It is estimated that humans have inhabited the islands we now know as Japan for as far back as 35,000 BC, a period regarded as the Japanese Paleolithic period. The earliest human remains detected in Japan dates back to 14,000 to 18,000 years ago. Japanese prehistoric human inhabitants are also believed to have been more advanced in nature than humans in other parts of the world as evident by the discovery of ground and polished stone tools in the region dating back to 30,000 BC. Such advents in tool design were observed in other parts of the world at a much later stage at around 10,000 BC. Thus Japanese Paleolithic traits thus actually corresponded to the Mesolithic and Neolithic advancements in other areas of the world.
The Jomon Period of prehistoric Japan extends between 14,500 BC to about 800 BC. This was the period when the hunter-gatherers in the region started settling down and underwent rapid cultural growth. Pottery with impressions of cords, jewelry and tools made of stone, bones, antlers, and shells were just some of the artifacts developed during this period. A period of population explosion started around 8,000 BC and continued until about 1500 BC. Towards the end of the Jomon period, cooling temperatures led to a contraction of the population. Contact with the Korean Peninsula also led to the infiltration of new settlers who introduced rice farming and bronze metallurgy in Japan.
660 BC to 1333 AD
The history of Japan between 660 BC and 1333 AD encompasses the Yayoi Period, the Kofun Period, the Classical Period ending with the beginning of the Kamakura Period. Japan during the Yayoi Period underwent significant development in the field of agriculture and weapons manufacturing. Silk production, weaving, and glass making were developed during this time. The Kofun Period (250–538 BC) witnessed a gradual unification of Japan into a single kingdom while the Classical Period (538-1185) is marked by the introduction of Buddhism in Japan, the development of the earliest dynasties of the country, and the extensive political, cultural, and social growth of the Japanese. The Classical Period gave way to Medieval Japan which was marked by the establishment of a new government by Yoritomo in Kamakura during the Kamakura period (1185–1333). Literature and art flourished in Japan during this period.
1333 to 1868
Between 1333 and 1868, the political power of Japan shifted hands several times marked by the Muromachi period between 1333–1568 and the Azuchi–Momoyama period between1568–1600. Several wars and skirmishes also became an integral part of the country’s history during such times. The Edo period (1600–1868) that followed was a time of peace and stability in Japan. The juridical system of this period was very strict and executions were carried out for even petty crimes. There was a massive growth of Japanese population during this period as well as a large output in the cultural sphere was also exhibited.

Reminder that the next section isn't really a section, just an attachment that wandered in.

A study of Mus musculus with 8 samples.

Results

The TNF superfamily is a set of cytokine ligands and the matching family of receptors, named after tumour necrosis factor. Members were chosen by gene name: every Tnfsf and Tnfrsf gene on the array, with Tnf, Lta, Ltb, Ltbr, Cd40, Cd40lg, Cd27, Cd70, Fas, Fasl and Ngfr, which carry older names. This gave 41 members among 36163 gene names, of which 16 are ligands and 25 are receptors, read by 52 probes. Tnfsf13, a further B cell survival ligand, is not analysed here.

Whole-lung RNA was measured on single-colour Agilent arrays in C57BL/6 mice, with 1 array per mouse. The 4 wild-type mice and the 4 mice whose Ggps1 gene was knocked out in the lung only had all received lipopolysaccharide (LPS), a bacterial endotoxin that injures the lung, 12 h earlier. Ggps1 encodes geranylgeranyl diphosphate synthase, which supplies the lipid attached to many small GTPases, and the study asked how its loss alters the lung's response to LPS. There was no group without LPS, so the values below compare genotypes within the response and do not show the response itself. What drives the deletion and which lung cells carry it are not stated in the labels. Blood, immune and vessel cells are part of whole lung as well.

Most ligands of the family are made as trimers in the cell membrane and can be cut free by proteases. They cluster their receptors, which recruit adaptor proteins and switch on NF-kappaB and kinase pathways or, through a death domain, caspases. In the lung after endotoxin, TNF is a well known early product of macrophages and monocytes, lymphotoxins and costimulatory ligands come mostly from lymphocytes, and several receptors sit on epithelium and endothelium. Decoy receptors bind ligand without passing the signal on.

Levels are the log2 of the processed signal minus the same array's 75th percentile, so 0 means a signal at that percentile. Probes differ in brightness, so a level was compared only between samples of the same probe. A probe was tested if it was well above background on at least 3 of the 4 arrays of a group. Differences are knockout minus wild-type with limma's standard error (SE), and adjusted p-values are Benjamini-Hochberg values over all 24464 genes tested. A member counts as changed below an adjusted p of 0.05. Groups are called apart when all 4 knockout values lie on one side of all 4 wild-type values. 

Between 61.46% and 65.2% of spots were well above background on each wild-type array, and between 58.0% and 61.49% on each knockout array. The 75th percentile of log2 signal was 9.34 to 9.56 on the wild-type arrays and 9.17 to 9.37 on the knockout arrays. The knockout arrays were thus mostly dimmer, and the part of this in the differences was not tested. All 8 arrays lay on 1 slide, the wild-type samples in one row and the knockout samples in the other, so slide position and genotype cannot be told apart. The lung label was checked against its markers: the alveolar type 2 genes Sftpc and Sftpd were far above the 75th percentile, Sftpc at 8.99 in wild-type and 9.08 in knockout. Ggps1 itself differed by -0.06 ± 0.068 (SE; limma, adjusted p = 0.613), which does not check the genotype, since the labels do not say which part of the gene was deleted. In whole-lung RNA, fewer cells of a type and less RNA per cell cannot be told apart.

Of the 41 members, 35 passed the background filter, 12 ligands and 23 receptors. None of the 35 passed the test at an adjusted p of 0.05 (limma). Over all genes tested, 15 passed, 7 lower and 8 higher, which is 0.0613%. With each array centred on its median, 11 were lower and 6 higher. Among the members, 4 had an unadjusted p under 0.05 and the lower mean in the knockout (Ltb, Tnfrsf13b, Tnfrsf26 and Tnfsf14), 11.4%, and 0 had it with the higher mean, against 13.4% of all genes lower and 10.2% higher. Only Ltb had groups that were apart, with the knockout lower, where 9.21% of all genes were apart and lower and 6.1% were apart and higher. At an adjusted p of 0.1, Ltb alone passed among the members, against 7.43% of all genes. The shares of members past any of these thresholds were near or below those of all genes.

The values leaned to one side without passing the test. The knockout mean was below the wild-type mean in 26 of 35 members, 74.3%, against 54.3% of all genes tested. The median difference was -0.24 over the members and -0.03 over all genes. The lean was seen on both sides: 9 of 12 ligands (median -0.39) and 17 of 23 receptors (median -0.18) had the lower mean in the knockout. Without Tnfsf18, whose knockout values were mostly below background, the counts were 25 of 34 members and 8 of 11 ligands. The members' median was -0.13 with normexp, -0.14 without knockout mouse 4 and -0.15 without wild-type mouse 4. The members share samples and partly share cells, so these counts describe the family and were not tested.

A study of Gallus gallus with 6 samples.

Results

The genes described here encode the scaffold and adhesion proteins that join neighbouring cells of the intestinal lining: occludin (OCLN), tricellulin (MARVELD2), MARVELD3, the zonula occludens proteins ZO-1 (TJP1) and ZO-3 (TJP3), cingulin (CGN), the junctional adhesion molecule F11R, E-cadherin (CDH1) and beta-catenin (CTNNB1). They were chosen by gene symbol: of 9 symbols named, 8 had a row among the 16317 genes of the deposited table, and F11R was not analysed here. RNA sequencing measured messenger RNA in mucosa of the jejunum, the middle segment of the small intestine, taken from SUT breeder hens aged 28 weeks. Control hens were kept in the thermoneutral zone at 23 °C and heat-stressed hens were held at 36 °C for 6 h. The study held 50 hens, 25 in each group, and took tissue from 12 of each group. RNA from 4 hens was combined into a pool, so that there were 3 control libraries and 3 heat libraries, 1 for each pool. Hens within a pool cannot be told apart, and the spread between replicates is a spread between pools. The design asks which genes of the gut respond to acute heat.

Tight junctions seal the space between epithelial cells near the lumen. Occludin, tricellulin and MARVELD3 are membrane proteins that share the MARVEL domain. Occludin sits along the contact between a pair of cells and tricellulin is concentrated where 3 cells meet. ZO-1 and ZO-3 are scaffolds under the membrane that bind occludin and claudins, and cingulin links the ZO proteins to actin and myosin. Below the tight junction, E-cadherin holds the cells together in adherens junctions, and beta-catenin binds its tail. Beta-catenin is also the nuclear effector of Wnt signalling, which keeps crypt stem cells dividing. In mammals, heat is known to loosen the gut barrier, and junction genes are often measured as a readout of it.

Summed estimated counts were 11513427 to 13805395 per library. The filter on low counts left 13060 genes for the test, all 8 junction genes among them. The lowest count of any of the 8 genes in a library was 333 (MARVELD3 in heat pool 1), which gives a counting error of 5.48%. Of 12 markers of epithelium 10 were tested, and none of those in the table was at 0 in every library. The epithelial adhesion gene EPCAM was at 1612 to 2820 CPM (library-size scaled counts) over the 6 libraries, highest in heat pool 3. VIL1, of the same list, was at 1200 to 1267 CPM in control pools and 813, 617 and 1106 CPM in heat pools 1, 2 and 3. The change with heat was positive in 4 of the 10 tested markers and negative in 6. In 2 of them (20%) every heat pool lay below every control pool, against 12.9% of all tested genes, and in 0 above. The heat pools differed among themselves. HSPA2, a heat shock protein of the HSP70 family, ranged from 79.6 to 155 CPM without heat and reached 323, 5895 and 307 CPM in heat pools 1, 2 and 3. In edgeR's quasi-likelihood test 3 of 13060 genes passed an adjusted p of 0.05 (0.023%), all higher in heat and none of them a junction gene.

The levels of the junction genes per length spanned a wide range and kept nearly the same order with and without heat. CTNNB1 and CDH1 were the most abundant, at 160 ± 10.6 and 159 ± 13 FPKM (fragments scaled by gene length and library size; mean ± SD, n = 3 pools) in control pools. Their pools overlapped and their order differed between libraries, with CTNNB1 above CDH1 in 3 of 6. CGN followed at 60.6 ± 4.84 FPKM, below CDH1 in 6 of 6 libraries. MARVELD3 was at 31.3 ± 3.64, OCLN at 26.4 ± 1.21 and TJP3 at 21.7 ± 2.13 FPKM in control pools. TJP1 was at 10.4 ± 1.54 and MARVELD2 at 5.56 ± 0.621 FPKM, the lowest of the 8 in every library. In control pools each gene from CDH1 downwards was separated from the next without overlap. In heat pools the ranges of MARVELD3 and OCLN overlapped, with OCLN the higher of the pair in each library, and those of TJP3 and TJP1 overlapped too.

1868 to 1914
The Meiji Period dominated the history of Japan between 1868 and 1914. During this period, the Emperor only had nominal powers while the Meiji Government was primarily headed by highly efficient statesman with an ambition to develop Japan into a modern state with an influential role in world politics and economy. A universal education system, railways, telegraph lines and other infrastructural facilities underwent rapid growth during this period. Westernization was encouraged and the ban on Christianity was lifted. By the end of the Meiji period, Japan had transformed into an industrial economy with high levels of prosperity among its people.
2 World Wars and Imperial Expansion
Japan during World War I sided with the Allies and at the end of the war enjoyed good relations with many major economic powers, acquired new territory and became economically highly stable. Japan witnessed the Great Tokyo Earthquake in 1923 that killed thousands of people and destroyed the homes of over 3 million. In the next few years, the country became increasingly bold in its attempts to expand its territory that led to skirmishes of Japan with China. The Second Sino-Japanese War of 1937 was evidence of this fact. The United States condemned the Japanese invasion of China, leading to Japan seeking an alliance with Germany and Italy during World War II. World War II brought horrors to the people of Japan when large-scale bombings, including the Hiroshima-Nagasaki atomic bombings of Japan by the USA, wreaked havoc in the lives of innocent civilians in the country.
Japan Since World War 2
Following in the wake of World War II, after the defeat of Axis powers by the Allies, Japan was occupied by the Allied forces between 1945 and 1952, which ended in 1952 after the signing of the San Francisco Peace Treaty in 1951. It was not long before Japan started recovering and soon its economy became more powerful that even its pre-war levels. In 1956, Japan became a UN member and in 1964 hosted the Tokyo Olympic Games. Both these events strengthened the position of Japan in the international scenario. Currently, the Japanese economy is one of the strongest in the world and Japan enjoys being one of the most developed countries in the world, being a highly industrialized nation with well-developed infrastructural components.